The New York Times obtains Trump’s taxes extending over more than two decades.
In 2017, President Donald Trump paid only $750 in personal taxes to the U.S. Department of Treasury. But the same year, reported to the Internal Revenue Service that “he or his companies” paid $145,400 in taxes in India. Also in the first two years of his presidency, Trump’s companies have received $2.3 million in licensing deals from India.
These are among revelations by an explosive new report by the New York Times based on the president’s tax filings extending over more than two decades.
The report said Trump paid “$750 in federal income taxes the year he won the presidency” and “another $750” in his first year as the president.
“He had paid no income taxes at all in 10 of the previous 15 years — largely because he reported losing much more money than he made,” the paper said.
“Also hanging over him is a decade-long audit battle with the Internal Revenue Service over the legitimacy of a $72.9 million tax refund that he claimed, and received, after declaring huge losses. An adverse ruling could cost him more than $100 million.”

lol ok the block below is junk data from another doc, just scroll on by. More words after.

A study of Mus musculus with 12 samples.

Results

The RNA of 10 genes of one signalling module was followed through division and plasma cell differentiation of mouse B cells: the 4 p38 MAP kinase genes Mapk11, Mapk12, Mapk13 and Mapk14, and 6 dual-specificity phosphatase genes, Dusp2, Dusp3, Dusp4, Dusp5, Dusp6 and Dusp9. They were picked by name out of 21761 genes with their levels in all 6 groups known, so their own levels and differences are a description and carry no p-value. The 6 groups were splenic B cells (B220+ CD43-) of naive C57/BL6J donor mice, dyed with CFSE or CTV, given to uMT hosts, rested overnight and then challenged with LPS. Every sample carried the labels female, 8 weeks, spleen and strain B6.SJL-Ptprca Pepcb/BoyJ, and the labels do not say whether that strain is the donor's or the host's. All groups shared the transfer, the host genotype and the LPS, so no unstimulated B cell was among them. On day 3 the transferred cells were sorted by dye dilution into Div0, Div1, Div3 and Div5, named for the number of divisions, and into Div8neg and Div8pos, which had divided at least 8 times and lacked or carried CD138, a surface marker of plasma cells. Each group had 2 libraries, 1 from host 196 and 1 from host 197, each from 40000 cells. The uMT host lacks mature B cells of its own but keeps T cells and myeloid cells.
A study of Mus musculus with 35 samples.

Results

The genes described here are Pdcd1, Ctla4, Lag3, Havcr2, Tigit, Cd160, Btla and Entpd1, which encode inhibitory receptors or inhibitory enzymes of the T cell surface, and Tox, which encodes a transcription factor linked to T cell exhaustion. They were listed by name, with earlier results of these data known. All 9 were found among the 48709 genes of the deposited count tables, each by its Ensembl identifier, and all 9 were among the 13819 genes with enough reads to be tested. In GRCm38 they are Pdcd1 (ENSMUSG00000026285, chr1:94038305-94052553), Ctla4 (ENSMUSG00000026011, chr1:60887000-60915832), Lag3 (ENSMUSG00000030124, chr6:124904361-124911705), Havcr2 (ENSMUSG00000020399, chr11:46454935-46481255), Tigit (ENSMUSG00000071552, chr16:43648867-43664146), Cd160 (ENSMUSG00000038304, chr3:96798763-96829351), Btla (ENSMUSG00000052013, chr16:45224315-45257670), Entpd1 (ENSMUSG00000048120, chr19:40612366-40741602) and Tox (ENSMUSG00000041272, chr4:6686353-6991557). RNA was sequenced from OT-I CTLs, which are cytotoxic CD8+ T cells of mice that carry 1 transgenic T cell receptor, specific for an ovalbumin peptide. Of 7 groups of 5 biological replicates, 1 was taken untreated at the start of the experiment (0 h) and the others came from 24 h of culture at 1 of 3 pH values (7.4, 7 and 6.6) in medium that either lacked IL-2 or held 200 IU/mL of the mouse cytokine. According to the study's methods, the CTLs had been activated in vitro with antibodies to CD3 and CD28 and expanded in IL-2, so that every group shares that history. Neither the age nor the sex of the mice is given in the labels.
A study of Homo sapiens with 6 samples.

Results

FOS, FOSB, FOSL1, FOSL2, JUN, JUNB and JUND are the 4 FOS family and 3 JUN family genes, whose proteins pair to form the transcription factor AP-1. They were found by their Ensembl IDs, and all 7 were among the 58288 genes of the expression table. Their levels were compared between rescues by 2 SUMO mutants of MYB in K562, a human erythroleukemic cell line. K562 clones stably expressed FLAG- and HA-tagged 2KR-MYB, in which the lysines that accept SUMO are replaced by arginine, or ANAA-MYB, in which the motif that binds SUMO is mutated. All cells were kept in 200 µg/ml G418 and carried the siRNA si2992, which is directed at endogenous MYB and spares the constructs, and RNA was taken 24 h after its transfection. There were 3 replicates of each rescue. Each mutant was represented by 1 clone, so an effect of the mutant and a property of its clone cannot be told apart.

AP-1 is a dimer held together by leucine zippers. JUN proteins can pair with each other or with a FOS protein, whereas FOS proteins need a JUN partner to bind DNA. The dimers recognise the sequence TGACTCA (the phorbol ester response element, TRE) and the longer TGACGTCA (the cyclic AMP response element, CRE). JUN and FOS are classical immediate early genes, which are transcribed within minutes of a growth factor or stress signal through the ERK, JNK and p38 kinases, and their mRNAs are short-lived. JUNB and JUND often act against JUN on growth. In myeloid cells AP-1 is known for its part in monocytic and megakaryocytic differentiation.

Since he announced his candidacy in 2015, he has refused to release tax returns to the American public, unlike all other Republican and Democratic candidates since the 1970s.
The Times, which has been aggressively reporting Trump’s taxes, writes: “The picture that perhaps emerges most starkly from the mountain of figures and tax schedules prepared by Mr. Trump’s accountants is of a businessman-president in a tightening financial vise.”
The paper said most of his core businesses, including his golf courses and a hotel in Washington, DC, reported losing millions of dollars “year after year.”
Other revelations contained in the report include:
The revenue from the successful reality show “The Apprentice” is drying up,
A decade-long audit battle with the IRS “over the legitimacy of a $72.9 million tax refund that he claimed, and received, after declaring huge losses” is pending and an “adverse ruling could cost him more than $100 million.”
Within the next four years, “more than $300 million in loans — obligations for which he is personally responsible — will come due.”